Christmas is a great time for catching up with family and friends. Long, lazy meals are chances to tell old stories, relax and laugh. For some, of course, the joy of Christmas is muted by sadness or loneliness. When the front door is shut, what surfaces are rafts of unhappy memories. There is often a huge gap between the fantasy world of the adverts and the reality we face. The fantasy world says life is a series of treats and choices: ‘It’s your call’, ‘Do what you want’, ‘Go on, spoil yourself. You’re worth it’. Reality is about getting up in the morning and trying to make the best of what faces us.
The problem with the fantasy world of the adverts is not just that it isn’t true: it encourages us to slide into forgetting that good community life, like a happy family, doesn’t just happen by magic. It needs the investment of time and energy. Every school, every charity, every parish, every youth club, every residents’ association, every voluntary organisation depends on people giving up their time to make it happen. Without that effort community life withers, and we end up strangers rather than neighbours.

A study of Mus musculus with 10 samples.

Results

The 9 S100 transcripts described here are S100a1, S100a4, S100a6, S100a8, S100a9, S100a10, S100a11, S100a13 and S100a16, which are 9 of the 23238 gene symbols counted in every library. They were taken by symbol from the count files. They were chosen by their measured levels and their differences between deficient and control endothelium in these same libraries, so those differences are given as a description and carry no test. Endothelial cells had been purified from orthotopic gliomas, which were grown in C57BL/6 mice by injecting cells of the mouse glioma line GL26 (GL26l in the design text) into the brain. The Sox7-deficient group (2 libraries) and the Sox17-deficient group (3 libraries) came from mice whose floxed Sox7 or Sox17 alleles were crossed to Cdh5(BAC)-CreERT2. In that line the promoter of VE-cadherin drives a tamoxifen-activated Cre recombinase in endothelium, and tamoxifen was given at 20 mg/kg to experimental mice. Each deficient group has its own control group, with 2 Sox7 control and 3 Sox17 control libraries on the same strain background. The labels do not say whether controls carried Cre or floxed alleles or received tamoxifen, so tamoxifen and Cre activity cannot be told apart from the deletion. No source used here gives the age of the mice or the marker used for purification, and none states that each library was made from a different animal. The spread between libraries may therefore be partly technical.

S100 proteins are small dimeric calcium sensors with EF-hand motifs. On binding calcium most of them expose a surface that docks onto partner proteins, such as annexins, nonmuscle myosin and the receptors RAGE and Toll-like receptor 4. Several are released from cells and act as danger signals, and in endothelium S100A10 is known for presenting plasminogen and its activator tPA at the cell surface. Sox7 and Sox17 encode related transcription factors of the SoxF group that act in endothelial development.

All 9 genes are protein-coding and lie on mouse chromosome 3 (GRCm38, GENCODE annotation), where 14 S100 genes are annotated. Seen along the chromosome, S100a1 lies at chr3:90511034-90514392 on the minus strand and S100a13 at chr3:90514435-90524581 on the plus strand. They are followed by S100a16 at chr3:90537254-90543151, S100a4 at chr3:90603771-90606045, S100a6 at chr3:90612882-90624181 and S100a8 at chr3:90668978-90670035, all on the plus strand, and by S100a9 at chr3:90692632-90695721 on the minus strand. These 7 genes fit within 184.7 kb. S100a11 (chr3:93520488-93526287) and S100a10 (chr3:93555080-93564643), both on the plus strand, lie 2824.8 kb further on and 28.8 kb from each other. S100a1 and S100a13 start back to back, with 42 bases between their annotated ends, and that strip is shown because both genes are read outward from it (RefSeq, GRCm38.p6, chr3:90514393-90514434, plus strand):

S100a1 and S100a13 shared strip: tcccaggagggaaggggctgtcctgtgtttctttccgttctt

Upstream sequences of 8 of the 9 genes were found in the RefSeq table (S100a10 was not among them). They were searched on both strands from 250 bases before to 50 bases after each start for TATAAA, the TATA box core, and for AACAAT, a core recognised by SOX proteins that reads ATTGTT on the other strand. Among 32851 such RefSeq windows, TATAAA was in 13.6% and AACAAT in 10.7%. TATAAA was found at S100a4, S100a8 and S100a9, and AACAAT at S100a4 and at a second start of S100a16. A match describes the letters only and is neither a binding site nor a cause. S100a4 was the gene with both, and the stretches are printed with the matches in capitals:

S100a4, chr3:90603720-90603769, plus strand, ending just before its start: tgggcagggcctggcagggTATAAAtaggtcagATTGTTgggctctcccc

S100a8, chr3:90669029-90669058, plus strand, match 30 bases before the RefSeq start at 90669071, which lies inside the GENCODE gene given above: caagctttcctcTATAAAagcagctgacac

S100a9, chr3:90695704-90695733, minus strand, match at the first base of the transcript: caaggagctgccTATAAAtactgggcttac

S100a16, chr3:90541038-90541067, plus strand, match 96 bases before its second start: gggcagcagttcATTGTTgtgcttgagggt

At Christmas we celebrate the gift of God to us in the child Jesus Christ. His birth was no fantasy. It was a real event in a time of political unrest in an occupied country. The situation must have been not dissimilar to what many people are experiencing across the Middle East today. Such is the generosity of a God who takes risks. The God we thought a stranger, we discover to be a neighbour and a friend, crying in a manger, inviting our love in return. Meeting this God changes outlooks and transforms lives.
Let’s enjoy Christmas, the parties and the get-togethers. But come the New Year when we return to the ordinary and the routine, let’s pray that through our celebration of Christ’s birth we may find the time and the energy to give to others, to build community and strengthen friendship. This birth challenges complacency. This birth invites generosity.